Past Reviews

Broadway Reviews

I'm Not Rappaport

Theatre Review by Matthew Murray - July 25, 2002

I'm Not Rappaport by Herb Gardner. Directed by Daniel Sullivan. Set design by Tony Walton. Costume design by Teresa Snider-Stein. Lighting design by Pat Collins. Sound design by Peter Fitzgerald. Hair and make-up design by Michael Laudati. Fight direction by Rick Sordelet. Cast: Judd Hirsch, Ben Vereen, with Mimi Lieber, Anthony Arkin, Steven Boyer, Jeb Brown, Tanya Clarke.
Theatre: Booth Theatre, 222 West 45th Street Running time: 2 hours 20 minutes with one intermission.
Schedule: Tuesday through Saturday at 8 PM. Wednesday and Saturday at 2 PM. Sunday at 3 PM.
Ticket prices: Orchestra and Front Mezzanine Rows A through F $75, Rear Mezzanine Rows G and H $60. A $1.25 Facilities Fee will be added to the price of each ticket.
Tickets: Tele-Charge

It was just a little over sixteen years ago that Herb Gardner's I'm Not Rappaport arrived on Broadway at the Booth Theatre. Upon seeing the new revival that just opened at the same theatre with one of the original stars, it's tempting to suggest that no time at all has passed.

Though time, of course, has passed, you'd never know it judging by the stars. Judd Hirsch (recreating his role from the original production) and Ben Vereen tackle their roles with energy and verve enough to make you feel that, though they're supposed to be combative octogenarians, they're really 30-year olds in disguise.

Therein lies the real magic of I'm Not Rappaport. The script itself is frequently nothing special. It has a very "cute" feeling about it, peppered freely with moments as calculated to elicit "awws" from the audience as gentle rolling laughter. And the characters Gardner has drawn for his lead actors are perhaps overdone as it is; the cantankerous Jewish Nat (Hirsch) and the equally cantankerous but more laid-back Midge (Vereen) seem to be a collection of ideas about the elderly not exactly designed to smash preconceptions.

But with Hirsch and Vereen onstage, everything just seems to click. Vereen's frequently vacant expressions and understated delivery of many of his lines seem perfectly natural, yet provide unnaturally large levels of humor. Hirsch looks like he's working harder, but he has to - his Nat never seems to have the same past, present, or future from one moment to the next. Hirsch keeps them all unquestionably grounded in the same place.

It is to their credit that whatever the two of them do apart is nothing compared to what they're able to accomplish together. When they help each other out with a daunting task, when one is taking the other to task for some behavior he doesn't like, or even when the two of them are just sitting laughing uncontrollably, their performances together are comic gold.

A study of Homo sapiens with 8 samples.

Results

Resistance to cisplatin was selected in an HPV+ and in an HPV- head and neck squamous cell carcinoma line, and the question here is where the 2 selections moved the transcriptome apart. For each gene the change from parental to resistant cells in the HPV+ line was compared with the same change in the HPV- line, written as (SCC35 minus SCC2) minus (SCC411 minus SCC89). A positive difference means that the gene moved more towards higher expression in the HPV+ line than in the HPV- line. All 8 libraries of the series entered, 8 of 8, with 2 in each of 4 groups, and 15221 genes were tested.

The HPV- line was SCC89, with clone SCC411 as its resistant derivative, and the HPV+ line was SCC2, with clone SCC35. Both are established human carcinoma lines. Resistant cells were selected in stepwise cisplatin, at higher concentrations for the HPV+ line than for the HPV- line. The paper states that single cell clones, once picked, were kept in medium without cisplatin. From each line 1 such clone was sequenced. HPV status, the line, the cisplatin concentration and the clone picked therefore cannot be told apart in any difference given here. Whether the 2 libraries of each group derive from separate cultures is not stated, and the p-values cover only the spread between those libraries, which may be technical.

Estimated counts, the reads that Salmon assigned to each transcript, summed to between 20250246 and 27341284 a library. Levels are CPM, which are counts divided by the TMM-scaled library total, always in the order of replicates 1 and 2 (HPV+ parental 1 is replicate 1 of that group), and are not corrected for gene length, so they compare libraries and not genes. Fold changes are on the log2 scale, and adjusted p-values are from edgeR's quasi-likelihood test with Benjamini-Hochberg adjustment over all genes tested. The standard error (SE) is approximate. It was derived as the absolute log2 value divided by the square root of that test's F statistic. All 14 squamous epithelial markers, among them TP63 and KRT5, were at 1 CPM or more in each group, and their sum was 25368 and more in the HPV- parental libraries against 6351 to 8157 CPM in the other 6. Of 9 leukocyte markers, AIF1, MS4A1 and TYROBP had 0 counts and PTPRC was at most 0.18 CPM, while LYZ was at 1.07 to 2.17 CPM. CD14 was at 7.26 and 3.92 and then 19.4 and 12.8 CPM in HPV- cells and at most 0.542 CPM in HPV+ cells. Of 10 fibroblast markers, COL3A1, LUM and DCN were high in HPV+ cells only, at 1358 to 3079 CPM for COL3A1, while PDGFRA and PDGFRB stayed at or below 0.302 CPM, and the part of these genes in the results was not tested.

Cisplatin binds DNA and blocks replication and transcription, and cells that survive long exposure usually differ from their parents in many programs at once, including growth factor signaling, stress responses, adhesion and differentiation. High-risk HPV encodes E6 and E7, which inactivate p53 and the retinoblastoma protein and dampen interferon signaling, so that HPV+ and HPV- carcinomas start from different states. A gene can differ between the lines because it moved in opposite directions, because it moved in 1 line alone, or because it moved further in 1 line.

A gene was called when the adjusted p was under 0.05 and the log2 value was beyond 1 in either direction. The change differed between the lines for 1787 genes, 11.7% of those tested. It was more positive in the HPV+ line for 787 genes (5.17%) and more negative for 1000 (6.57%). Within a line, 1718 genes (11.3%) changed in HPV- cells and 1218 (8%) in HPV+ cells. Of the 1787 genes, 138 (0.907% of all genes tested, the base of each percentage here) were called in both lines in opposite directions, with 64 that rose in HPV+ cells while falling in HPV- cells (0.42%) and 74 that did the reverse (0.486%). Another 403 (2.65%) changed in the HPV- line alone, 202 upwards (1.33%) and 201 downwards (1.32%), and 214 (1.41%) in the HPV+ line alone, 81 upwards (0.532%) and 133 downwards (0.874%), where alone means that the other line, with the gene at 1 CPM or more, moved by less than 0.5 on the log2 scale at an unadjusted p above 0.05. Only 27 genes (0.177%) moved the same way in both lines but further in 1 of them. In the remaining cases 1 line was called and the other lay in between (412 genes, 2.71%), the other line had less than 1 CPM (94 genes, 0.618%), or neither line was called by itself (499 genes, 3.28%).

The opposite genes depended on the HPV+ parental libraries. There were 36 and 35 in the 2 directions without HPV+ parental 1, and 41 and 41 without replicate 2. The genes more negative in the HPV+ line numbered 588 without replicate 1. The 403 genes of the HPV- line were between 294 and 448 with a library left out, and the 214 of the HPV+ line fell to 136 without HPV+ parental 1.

And it's that, more than anything else, that holds the audience at rapt attention from beginning to end. Vereen and Hirsch are able to mold the show, whatever else it might be, into an absolute crowd pleaser. You never need more than the two of them.

You get more, of course, in the presence of a couple of subplots that seem to exist for the primary (if understandable) reason of showing different sides of Nat and Midge. Nat must deal with his overly concerned daughter (Mimi Lieber), Midge with the representative (Anthony Arkin) from the apartment building at which he's lived and worked for decades, and the two men must deal with other threats; a street thug (Steven Boyer), and the drug dealer (Jeb Brown) tormenting a young woman (Tanya Clarke).

The performances are all fine (especially Lieber's), but it's during these moments that Vereen and Hirsch are less able to hold I'm Not Rappaport together, though it's through no fault of theirs. Each of these elements suggests a New York of a very different era, one that has changed dramatically since the show was first presented. Nat's Communist tendencies and the terrors to be found lurking in Central Park are less relevant to the world of today than the world of 1985.

While not exactly dated, I'm Not Rappaport also no longer seems topical, and these moments come across as slightly startling and effecting than Gardner most likely intended. Director Daniel Sullivan has done all he can with these scenes, but some - especially when Nat and Midge are mugged - have the slightly stale scent of an era (thankfully) past.

Other than this, Sullivan holds the play together pretty well, keeping things moving and keeping things funny. Tony Walton, who also worked on the original production, provides a charming adaptation of real life in his depiction of the lake area in Central Park. Pat Collins's lighting evokes October perfectly, and Teresa Snider-Stein's costumes and Michael Laudati's make-up do particularly well at making Hirsch and Vereen look old enough to make the roles believable.

But clothes and make-up can only take an actor so far; Vereen and Hirsch masterfully take their performances - and the show - the rest of the way. Nat and Midge are both in their 80s, and Vereen and Hirsch have a few years before they get there. But if the youthful vigor, playfulness, and humor they bring to their roles here are any indication, another revival of this play in 20 years could easily still find them both too young.